Often-overlooked policy on parental consent suddenly takes center stage
Each August, students attending Nevada Joint Union High School District’s three campuses are given a six-page document that details rules and regulations for attending school.
Until recently, many likely overlooked a two-line statement reprinted from the California Education Code, which says students may obtain confidential medical services without the consent of a parent.
“Nobody reads (the policy), that I know of,” said Nevada Union High School senior Robin Carr, 17, who attended a recent school board meeting that drew dozens of parents and students into a debate over the policy.
Actually, there is no firm policy – the 4,200-student school district simply says that it “may” allow students to leave without parental consent.
Superintendent Maggie Deetz can only recall three times in her 23 years as an administrator and teacher with the high school district when this exact parental-consent issue has arisen. The three cases, Deetz said, involved students who believed they were pregnant or suspected they carried a sexually transmitted disease.
“And in each case, we got the parents involved,” she said. “That’s the first thing we try to do.”
Now some parents are calling for a policy that requires consent, and the ensuing debate has brought widespread scrutiny onto a small statement that has been on the books for two decades.
Parent Jean Gregory and others believe the school district is avoiding changing the policy simply because the state attorney general has said that, based on his reading of the law, schools are required to let students get confidential medical aid without consent.
“What makes me the most mad is … they know this is an important issue, and they don’t want to rock the boat. And this is a boat that needs to be rocked,” Gregory said. “Nobody knows about this policy, and it is a policy that is not OK.”
Gregory, a registered home health nurse, has two children at Bear River High School. She has enlisted the help of Sacramento-based Capitol Resource Group in an attempt to change the district’s parental-consent policy.
Nevada Joint Union Board President Dan Miller, who has had three children in the district, said he hadn’t studied the parental-consent issue until several weeks ago. The school district has interpreted the California Education code and the attorney general’s opinion to mean that the district shall not prohibit a student from seeking such services without written consent.
“We stand firmly behind the attorney general’s opinion and the education code,” Deetz said.
A ‘difficult position’
The parental-consent debate continues to simmer between those who support notification and those who believe students should make their own health-care decisions.
“My feeling is, I don’t believe in confidentiality in children at a high-school age,” said parent Melanie Militano, who has two children at Bear River. “I don’t want my children making life-changing decisions at an age where they don’t have the experience in making those decisions.”
If the policy were to change, at least one former health educator believes it would create fear among students who need sensitive services.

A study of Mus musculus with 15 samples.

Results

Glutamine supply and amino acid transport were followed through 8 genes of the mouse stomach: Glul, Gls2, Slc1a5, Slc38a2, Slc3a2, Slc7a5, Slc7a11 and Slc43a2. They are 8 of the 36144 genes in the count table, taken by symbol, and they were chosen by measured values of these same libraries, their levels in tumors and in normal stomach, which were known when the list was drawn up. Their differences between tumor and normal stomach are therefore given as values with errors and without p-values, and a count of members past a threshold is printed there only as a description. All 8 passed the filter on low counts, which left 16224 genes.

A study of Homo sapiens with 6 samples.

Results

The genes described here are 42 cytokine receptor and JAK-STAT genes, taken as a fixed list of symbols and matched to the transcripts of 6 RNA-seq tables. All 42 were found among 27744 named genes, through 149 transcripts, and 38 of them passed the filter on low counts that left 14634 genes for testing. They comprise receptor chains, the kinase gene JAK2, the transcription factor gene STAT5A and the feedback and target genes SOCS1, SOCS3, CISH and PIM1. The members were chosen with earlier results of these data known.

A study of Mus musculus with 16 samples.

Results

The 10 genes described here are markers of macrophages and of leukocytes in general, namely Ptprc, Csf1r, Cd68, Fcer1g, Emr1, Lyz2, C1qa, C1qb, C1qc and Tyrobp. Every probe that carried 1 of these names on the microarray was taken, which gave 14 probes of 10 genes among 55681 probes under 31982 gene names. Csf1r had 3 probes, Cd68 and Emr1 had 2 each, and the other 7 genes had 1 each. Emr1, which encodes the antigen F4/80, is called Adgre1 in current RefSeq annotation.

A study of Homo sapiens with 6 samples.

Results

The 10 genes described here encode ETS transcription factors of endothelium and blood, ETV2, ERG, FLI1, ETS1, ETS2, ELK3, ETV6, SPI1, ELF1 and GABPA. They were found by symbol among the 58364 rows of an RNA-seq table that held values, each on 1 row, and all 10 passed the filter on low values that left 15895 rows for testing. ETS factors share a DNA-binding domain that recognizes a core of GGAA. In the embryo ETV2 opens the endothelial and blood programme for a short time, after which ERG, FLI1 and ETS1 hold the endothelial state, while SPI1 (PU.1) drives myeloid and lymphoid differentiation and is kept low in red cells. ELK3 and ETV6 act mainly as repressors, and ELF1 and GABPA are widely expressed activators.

“If you take the rights of students away, you’re going to negate access for a lot of people,” said Alta Sierra resident Marion Becker, who served as a school nurse for eight years in Contra Costa County’s Mount Diablo Unified School District.
Melanie Wellner said some students simply might be fearful of telling their parents they need critical services. “You have to have parents willing to support the child, and I think there are students who might turn to a teacher first for help.”
Wellner worked for 15 years in the Nevada County Counsel’s Office. For four of those years, she represented county social workers in cases brought by Child Protective Services against parents.
“We shouldn’t deprive the ones that don’t have a good relationship with their parents the right to take care of themselves.”
Miller acknowledged that the confidential medical services policy conflicts with a similar district policy that requires students present a written excuse when they leave campus for routine medical appointments.
“It seems to put the school district in a very difficult position,” he said. “All we’ve been able to determine at this point is that we’re in compliance with state law, and we have to follow that.”
The school district does require proof from students who have received confidential services, but the district isn’t required to notify parents, Deetz said.
Pleasant Ridge Union Superintendent Jim Meshwert said his K-8 elementary school district requires parental consent for students to leave campus for confidential services. The policy has never had to be enforced at Pleasant Ridge in the 19 years since a San Luis Obispo County assemblyman penned the education code that allows students to leave campus for such services, Meshwert said.
“We’ve had no incidents that would result in this being an issue with the Pleasant Ridge school district,” he said. “It has not become an issue among our parents or students at all.”
If a situation would require a student to receive confidential services, Meshwert said he would ensure the parent or guardian were involved.
Meshwert, who has been with the Pleasant Ridge district for 29 years, said he wouldn’t hesitate to contact law enforcement if he believed a crime was committed against one of his students seeking confidential services.
Rosie Wright, a junior at Nevada Union High School, said a policy of confidentiality can help students such as a friend of hers who sought treatment for self-destructive behavior.
“In a perfect world, everyone would be able to go to their parents, but that’s not the way it is,” Wright said. “Everyone needs a chance to get the help they need, whether they have a good relationship with their parents or not.”